1. Modification of Child Support
The first type of modification case is a child support modification. Child support modifications should be sought when there is a "substantial change in circumstances" which would either increase or decrease the amount of child support to be paid or received by a party. Some events that may constitute a substantial change in circumstances are: (1) the loss of a job; (2) a substantial decrease in income; (3) a substantial increase in income; (4) a substantial change in daycare/aftercare expenses for the child at issue; (5) a substantial change in the health insurance expenses for the child at issue; (6) a child graduating from high school or turning 18 years old.
It is extremely important to note that you can only receive credit for over/under payments retroactive to the date of filing. If you have experienced any of the substantial changes above, you need to file immediately so that proper credit can be obtained from the Court for any surplus payments. We recommend that you contact us the very day that the change occurs and oftentimes we can have your case filed within 24 hours to maximize your potential credit.
2. Modification of Alimony
Modification of alimony is very similar to child support in that the changes that often lead to a change in child support payments often lead to a substantial change which would constitute grounds to modify an amount of alimony. A few differences exist between the two, however. First, some alimony is non-modifiable. If you signed a settlement agreement agreeing to non-modifiable alimony, you will not be able to change your payments even if a substantial change occurs. Second, the term of alimony is usually non-modifiable. This means that you may be obligated to pay permanent alimony forever, but the Court has the ability to modify the amount.
3. Modification of Timesharing
Modifying timesharing (sometimes referred to as custody and/or visitation) is always an option when children are involved. Two parties cannot agree to never modify time sharing. In order to modify time sharing, you need to allege and ultimately prove a substantial change in circumstances. Once you meet your burden of showing a substantial change in circumstances, you also have to demonstrate to the Court that the requested change is in the best interest of the child according to Florida Statute 61.13. Please see our Child Custody practice page for more information about this subject.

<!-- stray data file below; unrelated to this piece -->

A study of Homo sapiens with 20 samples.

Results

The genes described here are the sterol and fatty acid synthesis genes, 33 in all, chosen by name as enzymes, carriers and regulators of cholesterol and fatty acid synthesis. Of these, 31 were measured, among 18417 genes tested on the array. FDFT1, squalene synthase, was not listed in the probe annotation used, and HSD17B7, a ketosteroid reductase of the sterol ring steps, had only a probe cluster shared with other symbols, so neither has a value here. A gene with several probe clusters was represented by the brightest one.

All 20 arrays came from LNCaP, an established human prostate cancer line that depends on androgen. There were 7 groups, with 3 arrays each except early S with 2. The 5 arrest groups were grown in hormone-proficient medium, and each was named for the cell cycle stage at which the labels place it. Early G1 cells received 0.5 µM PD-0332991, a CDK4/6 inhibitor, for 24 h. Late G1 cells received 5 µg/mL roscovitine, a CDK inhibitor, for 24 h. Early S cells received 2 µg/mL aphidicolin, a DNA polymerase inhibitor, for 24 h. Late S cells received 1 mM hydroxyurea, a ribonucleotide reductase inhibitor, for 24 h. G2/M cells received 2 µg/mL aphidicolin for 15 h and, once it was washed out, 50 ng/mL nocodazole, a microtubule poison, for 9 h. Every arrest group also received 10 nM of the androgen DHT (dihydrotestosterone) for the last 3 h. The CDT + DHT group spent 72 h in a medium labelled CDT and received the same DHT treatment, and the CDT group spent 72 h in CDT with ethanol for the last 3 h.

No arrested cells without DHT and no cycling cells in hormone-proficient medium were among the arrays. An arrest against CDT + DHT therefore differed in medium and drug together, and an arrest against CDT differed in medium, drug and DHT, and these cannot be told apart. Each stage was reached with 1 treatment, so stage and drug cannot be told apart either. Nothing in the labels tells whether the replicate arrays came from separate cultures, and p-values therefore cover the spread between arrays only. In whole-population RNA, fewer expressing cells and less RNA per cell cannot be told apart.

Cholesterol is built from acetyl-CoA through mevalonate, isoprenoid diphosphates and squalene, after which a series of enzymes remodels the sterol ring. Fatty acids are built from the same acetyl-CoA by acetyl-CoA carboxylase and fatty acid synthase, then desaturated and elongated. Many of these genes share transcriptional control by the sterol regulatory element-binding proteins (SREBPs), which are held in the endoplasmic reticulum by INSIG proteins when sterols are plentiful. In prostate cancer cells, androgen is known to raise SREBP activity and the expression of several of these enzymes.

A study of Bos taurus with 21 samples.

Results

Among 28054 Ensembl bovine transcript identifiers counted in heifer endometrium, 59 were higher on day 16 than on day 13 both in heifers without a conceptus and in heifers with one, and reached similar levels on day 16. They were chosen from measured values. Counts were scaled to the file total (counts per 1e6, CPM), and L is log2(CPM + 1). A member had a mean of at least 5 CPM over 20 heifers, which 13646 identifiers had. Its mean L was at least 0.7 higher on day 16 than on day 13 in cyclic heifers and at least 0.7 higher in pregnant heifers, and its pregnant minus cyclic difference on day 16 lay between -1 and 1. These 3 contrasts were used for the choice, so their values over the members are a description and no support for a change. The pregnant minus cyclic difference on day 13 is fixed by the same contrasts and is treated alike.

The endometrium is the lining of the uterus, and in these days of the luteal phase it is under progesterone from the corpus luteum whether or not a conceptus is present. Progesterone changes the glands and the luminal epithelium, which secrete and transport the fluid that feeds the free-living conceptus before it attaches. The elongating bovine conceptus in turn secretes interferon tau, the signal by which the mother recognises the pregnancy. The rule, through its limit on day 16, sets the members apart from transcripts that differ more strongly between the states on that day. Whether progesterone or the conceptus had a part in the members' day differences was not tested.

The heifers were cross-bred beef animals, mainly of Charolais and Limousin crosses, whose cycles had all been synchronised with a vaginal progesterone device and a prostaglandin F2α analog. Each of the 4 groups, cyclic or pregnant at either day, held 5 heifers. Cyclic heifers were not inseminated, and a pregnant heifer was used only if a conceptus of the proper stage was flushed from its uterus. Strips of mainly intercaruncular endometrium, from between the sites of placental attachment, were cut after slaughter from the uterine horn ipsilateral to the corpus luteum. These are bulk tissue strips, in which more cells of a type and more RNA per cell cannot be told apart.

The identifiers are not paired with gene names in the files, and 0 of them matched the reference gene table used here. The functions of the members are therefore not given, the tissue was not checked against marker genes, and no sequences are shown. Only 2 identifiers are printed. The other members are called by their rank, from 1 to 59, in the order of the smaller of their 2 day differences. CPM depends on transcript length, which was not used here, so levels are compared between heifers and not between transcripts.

Frequently Asked Questions Regarding Modification
1. Do I still have to pay the current amount of alimony and/or child support while my modification is pending?
Yes. You should continue to pay what your previous order provided if you are able. If you truly can not pay the amount ordered, you need to pay something. Nothing is worse than going into Court seeking a modification and having to admit to the Court that you didn't pay anything towards your obligations. If you overpay during the modification process, you will receive a credit for overpayment retroactive to the date you filed your modification.
2. How easy is it to modify timesharing?
The party seeking to modify timesharing carries the burden of alleging and ultimately proving that there has been a substantial change in circumstances warranting a modification. There are numerous cases in Florida which provide guidance as to what constitutes a substantial change and what does not. It is a case by case determination, so the best way to decide whether to move forward with a modification case is to speak to one of our attorneys first before filing.